While many took to Twitter to share their reactions to the first presidential debate of the election on September 29, 2020, it looks like Sacha Baron Cohen’s response might be the one to take the cake. The actor and comedian best known for his absurdist characters and political commentary took to social media after the debate to declare a winner once and for all under the guise of a Twitter account for the country of Kazakhstan, which Cohen’s arguably most famous persona, Borat, calls home.
As Page Six noted, the tweet in question joyfully declared that Republican incumbent President Donald Trump, not Democratic challenger Joe Biden, was the winner of the first debate. “Congratulation to great friend of the Kazakh people @realDonaldTrump for winning debate today! Impressive and amazing result for a strong premier who always put America and Kazakhstan first!” read Cohen-as-Kazakhstan’s tweet.
The post also included a hilarious tongue-in-cheek video endorsement, which featured Borat proclaiming Trump as, among other things, not racist, a “protector of women,” and a war hero. He also opined that Biden wears a protective facial mask, not to ward off contagions for the coronavirus, but because of bad breath.
While Sacha Baron Cohen’s satirical endorsement might have had viewers in stitches, there’s another reason why the famous comedy legend decided to take his beloved Borat character out of the vault.
Sacha Baron Cohen's tweet also promoted his upcoming project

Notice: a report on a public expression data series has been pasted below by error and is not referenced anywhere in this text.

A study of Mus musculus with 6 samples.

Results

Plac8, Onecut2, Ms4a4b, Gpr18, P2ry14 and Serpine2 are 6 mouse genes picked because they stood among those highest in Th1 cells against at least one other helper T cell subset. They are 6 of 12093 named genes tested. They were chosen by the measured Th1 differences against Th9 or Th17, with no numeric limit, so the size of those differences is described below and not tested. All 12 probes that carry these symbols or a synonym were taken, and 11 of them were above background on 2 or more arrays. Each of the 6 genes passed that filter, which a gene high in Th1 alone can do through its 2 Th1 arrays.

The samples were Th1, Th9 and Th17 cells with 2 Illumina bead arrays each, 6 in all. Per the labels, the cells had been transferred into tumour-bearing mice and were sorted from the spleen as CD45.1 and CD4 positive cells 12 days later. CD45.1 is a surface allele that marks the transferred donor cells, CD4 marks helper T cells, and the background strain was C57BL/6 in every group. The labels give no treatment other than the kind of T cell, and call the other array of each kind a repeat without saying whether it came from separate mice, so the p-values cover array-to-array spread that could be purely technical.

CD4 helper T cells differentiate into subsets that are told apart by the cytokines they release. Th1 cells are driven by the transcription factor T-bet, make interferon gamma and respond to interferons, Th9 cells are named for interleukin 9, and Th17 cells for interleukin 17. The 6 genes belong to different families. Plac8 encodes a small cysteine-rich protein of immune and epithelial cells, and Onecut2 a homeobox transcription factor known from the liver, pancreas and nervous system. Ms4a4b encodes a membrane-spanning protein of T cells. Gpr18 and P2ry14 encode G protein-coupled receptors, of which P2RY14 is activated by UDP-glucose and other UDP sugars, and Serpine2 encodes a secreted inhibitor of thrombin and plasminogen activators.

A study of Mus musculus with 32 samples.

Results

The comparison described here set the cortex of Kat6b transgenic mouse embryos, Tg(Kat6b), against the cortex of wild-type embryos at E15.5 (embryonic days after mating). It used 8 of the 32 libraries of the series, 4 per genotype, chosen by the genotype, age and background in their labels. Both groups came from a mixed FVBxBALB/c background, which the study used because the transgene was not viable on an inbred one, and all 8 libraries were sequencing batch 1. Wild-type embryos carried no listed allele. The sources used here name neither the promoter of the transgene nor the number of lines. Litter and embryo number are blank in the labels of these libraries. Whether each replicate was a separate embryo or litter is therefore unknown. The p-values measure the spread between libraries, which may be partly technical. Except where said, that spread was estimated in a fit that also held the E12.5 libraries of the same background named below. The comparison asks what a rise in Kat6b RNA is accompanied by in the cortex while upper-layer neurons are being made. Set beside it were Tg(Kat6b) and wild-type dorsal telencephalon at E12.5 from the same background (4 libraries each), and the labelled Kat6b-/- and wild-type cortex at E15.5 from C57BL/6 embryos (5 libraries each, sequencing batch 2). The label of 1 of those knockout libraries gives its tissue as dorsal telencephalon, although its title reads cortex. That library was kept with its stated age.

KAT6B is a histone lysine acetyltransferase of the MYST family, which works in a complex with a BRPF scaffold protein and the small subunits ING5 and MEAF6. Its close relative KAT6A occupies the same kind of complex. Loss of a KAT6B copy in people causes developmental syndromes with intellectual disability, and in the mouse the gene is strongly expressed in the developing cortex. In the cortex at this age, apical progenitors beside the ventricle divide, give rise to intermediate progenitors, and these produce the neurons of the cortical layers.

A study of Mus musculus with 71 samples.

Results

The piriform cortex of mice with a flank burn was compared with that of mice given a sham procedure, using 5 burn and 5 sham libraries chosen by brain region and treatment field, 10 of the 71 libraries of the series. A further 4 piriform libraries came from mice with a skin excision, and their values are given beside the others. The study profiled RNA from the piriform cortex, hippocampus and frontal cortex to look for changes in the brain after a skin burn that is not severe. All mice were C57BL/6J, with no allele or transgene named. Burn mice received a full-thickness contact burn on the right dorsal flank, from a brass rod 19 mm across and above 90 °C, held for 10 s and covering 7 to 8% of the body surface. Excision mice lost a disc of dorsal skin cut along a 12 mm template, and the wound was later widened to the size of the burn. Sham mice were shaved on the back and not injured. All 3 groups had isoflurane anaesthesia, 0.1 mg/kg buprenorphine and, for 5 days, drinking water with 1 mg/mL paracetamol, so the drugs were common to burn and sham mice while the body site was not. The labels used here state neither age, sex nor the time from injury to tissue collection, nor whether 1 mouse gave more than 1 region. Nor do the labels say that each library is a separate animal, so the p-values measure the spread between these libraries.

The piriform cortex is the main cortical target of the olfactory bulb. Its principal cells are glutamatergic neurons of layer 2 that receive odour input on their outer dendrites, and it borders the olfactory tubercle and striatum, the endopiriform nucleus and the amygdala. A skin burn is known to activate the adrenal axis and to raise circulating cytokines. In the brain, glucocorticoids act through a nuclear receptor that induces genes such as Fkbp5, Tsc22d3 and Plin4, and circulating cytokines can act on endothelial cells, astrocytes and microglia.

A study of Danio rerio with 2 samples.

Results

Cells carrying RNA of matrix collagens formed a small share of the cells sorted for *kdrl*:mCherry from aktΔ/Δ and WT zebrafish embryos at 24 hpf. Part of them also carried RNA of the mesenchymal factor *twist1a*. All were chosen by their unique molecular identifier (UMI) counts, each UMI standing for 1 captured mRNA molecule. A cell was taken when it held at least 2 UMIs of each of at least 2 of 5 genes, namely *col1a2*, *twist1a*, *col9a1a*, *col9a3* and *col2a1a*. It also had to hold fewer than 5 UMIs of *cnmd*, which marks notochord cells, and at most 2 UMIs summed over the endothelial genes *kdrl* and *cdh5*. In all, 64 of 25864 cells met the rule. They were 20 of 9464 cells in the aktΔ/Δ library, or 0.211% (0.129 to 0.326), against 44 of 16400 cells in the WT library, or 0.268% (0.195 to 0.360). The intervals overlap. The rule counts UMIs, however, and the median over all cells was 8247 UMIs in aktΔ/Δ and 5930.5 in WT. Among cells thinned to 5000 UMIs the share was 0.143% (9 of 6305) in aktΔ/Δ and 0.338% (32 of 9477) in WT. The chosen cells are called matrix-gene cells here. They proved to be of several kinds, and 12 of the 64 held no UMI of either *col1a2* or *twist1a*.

The timing of Sacha Baron Cohen’s reemergence as Borat for his hilarious post-presidential debate tweet on September 29, 2020 isn’t exactly a coincidence. As The Verge noted, the debate aired on the same day that Amazon announced it had officially acquired the distribution rights for the sequel to Cohen’s 2006 cult classic Borat. Cohen’s highly-anticipated sequel, fully titled Borat: Gift of Pornographic Monkey to Vice Premiere Mikhael Pence to Make Benefit Recently Diminished Nation of Kazakhstan, is set to air on Amazon Prime Video in October 2020.
Little is known about Cohen’s Borat follow-up aside from its title, per The Verge. Many have presumed that it will follow the same format as the 2006 film, which followed the exploits of its titular character during his first trip to the U.S. and was rife with both social and political commentary about American culture. Given the film’s full title and the time in which the Borat sequel was filmed – Page Six pointed out that it was the first movie filmed during the coronavirus shutdown – the movie is likely to focus on America’s cultural climate in the midst of Donald Trump’s presidency, which may include the heavy influence of the coronavirus pandemic.